In this issue:
- New School Bond and Millage Increases Win Big at the Polls
- Snow Day Flexibility
- Michigan Merit Curriculum Changes Reported out of House Committee
- Transportation Package Begins to Move in the House
- Performance Pay for Teachers and Administrators
- Court Ruling on Union Dues
New School Bond and Millage increases win big at the polls
This week, voters approved by over an 80 percent margin proposals for new school bonds or millage increases. Forty-five of the 56 proposals for bonds to improve K-12 infrastructure, millage increases or sinking funds won approval. These numbers show that communities are seeing the wear and tear on their local school districts after a decade of funding cuts and now growth from the state and are providing supplemental resources at the local level.
Snow Day Flexibility
Legislation that would amend the School Aid Act to provide exceptions to the requirement that a school district offer at least 170 days for the 2012-13 school year (House Bill 4471) passed the Senate this week. This legislation needs to be concurred to in the House next week and then will be promptly sent to the Governor for signature. It is unclear at this time when he will sign the bill
Michigan Merit Curriculum Changes Reported out of House Committee
On Tuesday, the House Education Committee reported out two bills that make changes to the Michigan Merit Curriculum (MMC). The bills, House Bills 4465 and 4466, were changed in committee to reinstate the foreign language requirement but allow the courses to be completed between grades K-12. The substitutes grant additional flexibility to students by allowing the foreign language requirement to be partially fulfilled by a CTE program or an arts course. The Algebra II component of the curriculum was changed from previous versions by requiring students who are enrolled in a CTE program to successfully complete the same content as the Algebra II benchmarks assessed on the Department-prescribed state high school assessment. Finally, the substitutes expand the uses of a personal curriculum and require a school to develop one for any student or parent that requests it. Whether or not a personal curriculum is implemented still lies with the school. The bills were reported by votes of 11-2 and 12-1 and will now go to the full House for consideration.
Transportation Package Begins to Move in House
The House Transportation and Infrastructure Committee reported out two bills that would change the way the state taxes aviation fuel. Both bills were reported on party line votes with 9 yeas and 6 nays. House Bill 4571 creates a tax on the wholesale price and House Bill 4572 exempts it from the sales tax. House Bill 4572 creates an unknown sized hole in the School Aid Fund. The Committee considered House Bill 4677 which would earmark $55 million of the current sales tax revenue that goes to the state’s general fund to the school aid fund. We certainly appreciate the effort of the Chairman to find replacement revenue for the SAF, however, we remain concerned that the dollar amount may not reflect the actual revenue loss, the amount is not tied to inflation, and is not part of a comprehensive solution to fund roads and schools.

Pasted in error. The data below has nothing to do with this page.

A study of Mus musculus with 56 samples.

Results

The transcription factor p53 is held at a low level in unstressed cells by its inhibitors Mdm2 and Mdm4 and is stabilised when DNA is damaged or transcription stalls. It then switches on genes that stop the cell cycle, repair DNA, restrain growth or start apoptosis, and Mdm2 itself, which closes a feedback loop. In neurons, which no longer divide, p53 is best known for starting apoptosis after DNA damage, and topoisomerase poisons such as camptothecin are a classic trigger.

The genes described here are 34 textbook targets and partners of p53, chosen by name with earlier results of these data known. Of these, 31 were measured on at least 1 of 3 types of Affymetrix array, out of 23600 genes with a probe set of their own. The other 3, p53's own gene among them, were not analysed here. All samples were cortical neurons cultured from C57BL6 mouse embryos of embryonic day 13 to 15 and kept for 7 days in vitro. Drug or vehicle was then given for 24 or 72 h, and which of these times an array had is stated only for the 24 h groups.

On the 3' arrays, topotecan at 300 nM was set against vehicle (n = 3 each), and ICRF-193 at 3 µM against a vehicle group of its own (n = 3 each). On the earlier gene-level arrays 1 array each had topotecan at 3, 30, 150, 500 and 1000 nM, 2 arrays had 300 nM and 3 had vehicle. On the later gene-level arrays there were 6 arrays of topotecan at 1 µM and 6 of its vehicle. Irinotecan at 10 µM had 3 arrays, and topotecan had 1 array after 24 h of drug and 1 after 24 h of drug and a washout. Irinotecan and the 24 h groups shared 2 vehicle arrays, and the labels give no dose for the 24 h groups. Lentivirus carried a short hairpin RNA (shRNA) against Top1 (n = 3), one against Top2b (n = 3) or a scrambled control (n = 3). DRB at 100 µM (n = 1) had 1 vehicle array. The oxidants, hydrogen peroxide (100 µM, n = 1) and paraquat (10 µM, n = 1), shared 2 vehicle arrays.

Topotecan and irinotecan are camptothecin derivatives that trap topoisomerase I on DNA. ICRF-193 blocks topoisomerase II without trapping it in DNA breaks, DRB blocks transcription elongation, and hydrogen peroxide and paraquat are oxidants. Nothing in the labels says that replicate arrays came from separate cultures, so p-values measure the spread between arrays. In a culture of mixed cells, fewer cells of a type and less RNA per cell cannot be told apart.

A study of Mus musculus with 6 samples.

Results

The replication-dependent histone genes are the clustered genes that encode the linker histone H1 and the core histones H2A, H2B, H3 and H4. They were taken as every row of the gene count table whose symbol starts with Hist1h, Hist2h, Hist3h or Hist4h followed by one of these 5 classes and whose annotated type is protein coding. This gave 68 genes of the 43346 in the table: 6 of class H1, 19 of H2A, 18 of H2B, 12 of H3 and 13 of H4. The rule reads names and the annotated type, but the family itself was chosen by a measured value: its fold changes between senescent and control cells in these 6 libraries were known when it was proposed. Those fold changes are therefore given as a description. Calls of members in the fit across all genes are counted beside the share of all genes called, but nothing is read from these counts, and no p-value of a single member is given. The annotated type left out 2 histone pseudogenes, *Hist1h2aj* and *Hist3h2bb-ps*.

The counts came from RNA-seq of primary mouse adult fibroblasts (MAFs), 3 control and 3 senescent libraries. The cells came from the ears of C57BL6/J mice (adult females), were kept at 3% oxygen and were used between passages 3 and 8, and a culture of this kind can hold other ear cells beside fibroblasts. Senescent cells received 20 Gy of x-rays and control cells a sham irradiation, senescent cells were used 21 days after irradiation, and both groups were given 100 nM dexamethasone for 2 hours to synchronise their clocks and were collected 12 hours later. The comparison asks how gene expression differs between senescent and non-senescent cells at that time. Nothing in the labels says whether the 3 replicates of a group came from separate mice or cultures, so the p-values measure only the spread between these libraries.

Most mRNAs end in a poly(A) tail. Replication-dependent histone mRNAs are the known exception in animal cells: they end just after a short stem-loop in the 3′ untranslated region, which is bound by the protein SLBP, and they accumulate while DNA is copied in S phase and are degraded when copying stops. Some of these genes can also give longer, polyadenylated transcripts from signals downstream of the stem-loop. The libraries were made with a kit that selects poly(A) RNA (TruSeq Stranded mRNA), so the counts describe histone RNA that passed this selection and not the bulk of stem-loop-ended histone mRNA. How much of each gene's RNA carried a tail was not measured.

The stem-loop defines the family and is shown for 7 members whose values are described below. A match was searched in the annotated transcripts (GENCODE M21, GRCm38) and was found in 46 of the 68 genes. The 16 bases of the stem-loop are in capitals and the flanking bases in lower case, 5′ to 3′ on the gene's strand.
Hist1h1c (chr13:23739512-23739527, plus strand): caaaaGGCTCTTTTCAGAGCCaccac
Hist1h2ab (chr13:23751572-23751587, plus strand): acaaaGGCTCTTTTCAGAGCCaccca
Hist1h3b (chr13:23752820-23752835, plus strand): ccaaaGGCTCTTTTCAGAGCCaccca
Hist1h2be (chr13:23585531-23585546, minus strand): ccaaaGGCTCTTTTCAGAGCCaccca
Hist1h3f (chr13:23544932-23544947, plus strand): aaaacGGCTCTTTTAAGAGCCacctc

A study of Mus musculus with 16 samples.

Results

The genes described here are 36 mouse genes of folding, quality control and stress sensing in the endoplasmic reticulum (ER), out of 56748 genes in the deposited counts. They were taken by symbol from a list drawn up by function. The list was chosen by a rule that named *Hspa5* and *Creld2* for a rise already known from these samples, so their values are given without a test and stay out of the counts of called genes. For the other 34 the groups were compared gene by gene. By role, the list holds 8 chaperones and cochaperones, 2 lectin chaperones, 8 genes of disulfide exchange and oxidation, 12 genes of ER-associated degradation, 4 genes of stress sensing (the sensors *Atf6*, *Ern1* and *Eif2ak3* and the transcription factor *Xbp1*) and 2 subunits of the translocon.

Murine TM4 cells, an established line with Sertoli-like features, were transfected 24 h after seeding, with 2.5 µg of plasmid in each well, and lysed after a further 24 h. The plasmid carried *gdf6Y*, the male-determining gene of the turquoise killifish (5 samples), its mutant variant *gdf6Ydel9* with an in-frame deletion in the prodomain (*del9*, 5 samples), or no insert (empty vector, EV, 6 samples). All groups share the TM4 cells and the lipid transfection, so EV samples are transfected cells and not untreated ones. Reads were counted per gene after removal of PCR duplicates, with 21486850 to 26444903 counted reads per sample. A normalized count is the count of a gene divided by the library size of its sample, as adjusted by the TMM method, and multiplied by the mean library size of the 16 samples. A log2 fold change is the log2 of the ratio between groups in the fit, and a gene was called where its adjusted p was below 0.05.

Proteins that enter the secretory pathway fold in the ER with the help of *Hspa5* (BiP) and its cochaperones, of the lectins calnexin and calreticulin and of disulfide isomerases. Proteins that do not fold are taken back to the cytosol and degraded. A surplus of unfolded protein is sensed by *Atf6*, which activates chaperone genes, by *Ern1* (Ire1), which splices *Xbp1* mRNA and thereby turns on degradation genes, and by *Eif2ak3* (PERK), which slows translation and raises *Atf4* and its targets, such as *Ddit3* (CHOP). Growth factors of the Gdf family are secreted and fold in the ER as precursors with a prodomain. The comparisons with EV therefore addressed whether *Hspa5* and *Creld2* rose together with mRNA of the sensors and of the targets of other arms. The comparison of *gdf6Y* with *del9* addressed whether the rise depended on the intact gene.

Performance Pay for Teachers and Administrators
The House Education Committee began testimony this week on House Bill 4625, which would require school districts to base pay increases for teachers and administrators primarily on job performance and accomplishments. It would also only allow certain types of advanced degrees to be considered in pay increase decisions. One concern that was raised by multiple members was that the bill would require evaluation based pay before the state had the MCEE evaluation tool in place. There were also concerns about limiting the type of advanced degrees that a teacher or administrator could be compensated for.
Court Ruling on Union Dues
A divided U. S. 6th Circuit Court of Appeals has overruled a lower court decision, holding that a 2012 Michigan law is constitutional and schools do not have to collect union dues for their employees.In Bailey v. Callaghan, the court said the U.S. Supreme Court has effectively already held that local governments do not have to be compelled to collect dues for their workers unions. Nothing in the Michigan law, PA 53 of 2012, violates the First Amendment to the Constitution, despite the arguments of the plaintiffs, the court said.